Heading into the Major League Baseball draft, Mason Hickman didn’t know what to expect.
The draft had been reduced from 40 rounds to five, “And it was a deep draft,” said Hickman, a 2017 graduate of Pope John Paul II High School and a star pitcher for Vanderbilt University’s national championship baseball team in 2019.
“I was just hopeful that something would work out,” Hickman said.
And it did in the fifth round when the Cleveland Indians made Hickman the 154th pick in the draft.
“Thankfully it was with the Cleveland Indians,” Hickman said. “They have a great player development system going for them right now.”
The former Knight and Commodore is hopeful the Indians’ player development system will help him improve and eventually make his dream of playing in the major leagues a reality.
“I’d say ever since high school it started to become more a realistic possibility for me,” he said of his dream of playing in the major leagues. And his time at Vanderbilt only moved the dream closer to reality. “I was fortunately in the right places to do that.”
Hickman left JPII as one of the most decorated players in the school’s history and one of only three alums to be drafted by major league teams. Golden Tate, who went on to star at Notre Dame and the National Football League, was drafted twice, first out of high school and again after his junior year of college, and 2015 graduate Whit Drennan was selected by the Houston Astros in the 2019 draft.
Hickman was a four-year starter for the JPII baseball team and was named to the All-State and All-Region teams in 2015, 2016 and 2017. He was a finalist for the Tennessee Mr. Baseball Award for the TSSAA Division II his senior year.
His success continued at Vanderbilt where he compiled a career record of 19-2 and a 3.13 ERA. During the 2020 season cut short by the COVID-19 pandemic, Hickman was 2-0 with a 0.48 ERA in three starts. He capped off a 9-0 sophomore season by pitching the Commodores to the national championship-clinching win over Michigan, striking out 10 hitters in six innings.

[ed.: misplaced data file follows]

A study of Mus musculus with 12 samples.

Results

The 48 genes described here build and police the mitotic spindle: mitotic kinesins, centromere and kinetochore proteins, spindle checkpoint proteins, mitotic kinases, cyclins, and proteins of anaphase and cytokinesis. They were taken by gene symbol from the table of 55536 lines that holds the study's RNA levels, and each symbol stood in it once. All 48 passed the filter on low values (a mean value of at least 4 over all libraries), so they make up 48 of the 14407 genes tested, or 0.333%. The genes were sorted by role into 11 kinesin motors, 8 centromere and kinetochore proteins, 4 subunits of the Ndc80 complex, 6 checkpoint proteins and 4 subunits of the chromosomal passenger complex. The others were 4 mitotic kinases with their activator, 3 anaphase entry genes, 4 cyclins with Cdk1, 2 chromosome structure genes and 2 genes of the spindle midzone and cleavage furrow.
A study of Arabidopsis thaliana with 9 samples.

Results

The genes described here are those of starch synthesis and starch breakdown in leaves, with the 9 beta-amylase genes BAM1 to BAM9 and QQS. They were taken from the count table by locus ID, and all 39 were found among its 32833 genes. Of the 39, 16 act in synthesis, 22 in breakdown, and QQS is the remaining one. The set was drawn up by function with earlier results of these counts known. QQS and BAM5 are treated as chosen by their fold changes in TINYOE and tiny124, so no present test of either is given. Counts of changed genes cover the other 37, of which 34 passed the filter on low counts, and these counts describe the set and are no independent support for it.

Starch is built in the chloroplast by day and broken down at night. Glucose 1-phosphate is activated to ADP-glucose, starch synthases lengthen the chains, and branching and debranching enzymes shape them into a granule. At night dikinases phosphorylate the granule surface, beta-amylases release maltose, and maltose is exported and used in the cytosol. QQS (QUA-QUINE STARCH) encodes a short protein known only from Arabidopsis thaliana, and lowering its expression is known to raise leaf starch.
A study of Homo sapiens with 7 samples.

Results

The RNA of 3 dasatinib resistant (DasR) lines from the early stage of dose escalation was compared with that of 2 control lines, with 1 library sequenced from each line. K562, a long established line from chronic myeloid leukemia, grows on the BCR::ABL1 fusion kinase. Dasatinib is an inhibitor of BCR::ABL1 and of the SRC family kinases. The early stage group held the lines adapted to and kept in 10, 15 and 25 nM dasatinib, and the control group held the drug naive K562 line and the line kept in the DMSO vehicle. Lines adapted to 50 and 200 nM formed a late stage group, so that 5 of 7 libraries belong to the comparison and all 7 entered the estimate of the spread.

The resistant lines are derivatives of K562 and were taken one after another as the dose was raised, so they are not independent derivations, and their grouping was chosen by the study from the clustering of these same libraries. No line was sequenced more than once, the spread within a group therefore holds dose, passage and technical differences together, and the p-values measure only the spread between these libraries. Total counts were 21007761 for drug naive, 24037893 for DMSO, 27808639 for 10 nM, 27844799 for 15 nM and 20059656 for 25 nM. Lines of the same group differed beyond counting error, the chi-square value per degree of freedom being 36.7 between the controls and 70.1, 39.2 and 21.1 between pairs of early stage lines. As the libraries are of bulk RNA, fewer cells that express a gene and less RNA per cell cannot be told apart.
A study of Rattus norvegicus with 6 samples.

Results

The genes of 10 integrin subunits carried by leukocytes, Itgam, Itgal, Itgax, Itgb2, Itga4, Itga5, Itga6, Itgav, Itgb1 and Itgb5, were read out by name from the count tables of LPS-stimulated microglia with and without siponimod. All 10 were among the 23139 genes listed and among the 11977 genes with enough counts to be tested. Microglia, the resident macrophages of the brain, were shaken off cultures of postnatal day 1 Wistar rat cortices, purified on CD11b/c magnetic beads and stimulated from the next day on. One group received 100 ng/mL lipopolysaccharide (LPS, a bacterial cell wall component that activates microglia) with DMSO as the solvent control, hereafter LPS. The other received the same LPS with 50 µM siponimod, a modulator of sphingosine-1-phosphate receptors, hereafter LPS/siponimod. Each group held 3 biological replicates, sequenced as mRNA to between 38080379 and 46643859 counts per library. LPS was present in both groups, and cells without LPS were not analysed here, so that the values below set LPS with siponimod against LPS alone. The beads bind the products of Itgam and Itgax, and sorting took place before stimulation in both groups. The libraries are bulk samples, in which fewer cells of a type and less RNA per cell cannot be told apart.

“It’s hard to compare what happened to us last year, an unforgettable team, unforgettable people,” Hickman said of Vanderbilt’s national title run. “It’s what you sign up for, to play competitive baseball and win championships.
Hickman’s success after leaving JPII was no surprise to those who watched him play in high school. “Not at all,” said Chris Parker, the head baseball coach at JPII who coached Hickman at the school and as a member of Team Tennessee for two years, an all-star team of the state’s best players that competes in one of the top tournaments in the country each summer.
Parker described Hickman as “very mature, a lot of high character, that to go along with a really good work ethic.”
“Mason is a very team-oriented baseball player as well,” Parker said. “He always puts the team first.”
For JPII’s current players, Parker said, Hickman is an example “of what we want the end result to be. Get a great education from a place like Vanderbilt and then pursue your dreams to play professional baseball.”
Just when Hickman can start playing professional baseball is still up in the air, with baseball on hold because of the COVID-19 pandemic.
“With all the stuff that’s going on recently, I think we’ll hear something shortly now that they have an agreement with the players association on starting the season,” Hickman said.
He’ll continue working out and preparing himself just as he has since the college baseball season was shut down in mid-March.
“I’ve just been trying to stay in a routine as much as possible,” Hickman said.
Four Vanderbilt players, including Hickman, were drafted this year. To see a teammate selected, Hickman said, “you’re almost excited as when you get picked. Those are people you spent the last three years with. It’s always a blast to see your friends succeed and accomplish goals of theirs.”
One goal Hickman is still pursuing is earning a degree from Vanderbilt. He has two more semesters to go to graduate with a degree in Human and Organizational Development.
“I’m definitely going to finish my degree as soon as possible,” Hickman said. “That was a major reason I came to Vanderbilt, to have that degree in my back pocket.”
A member of the National Honor Society in high school, Hickman said he left JPII well prepared academically for Vanderbilt.
“Definitely JPII prepared me for Vanderbilt academically,” Hickman said, teaching him how to manage his time and balance his school work and athletics. “It definitely prepared me for that.”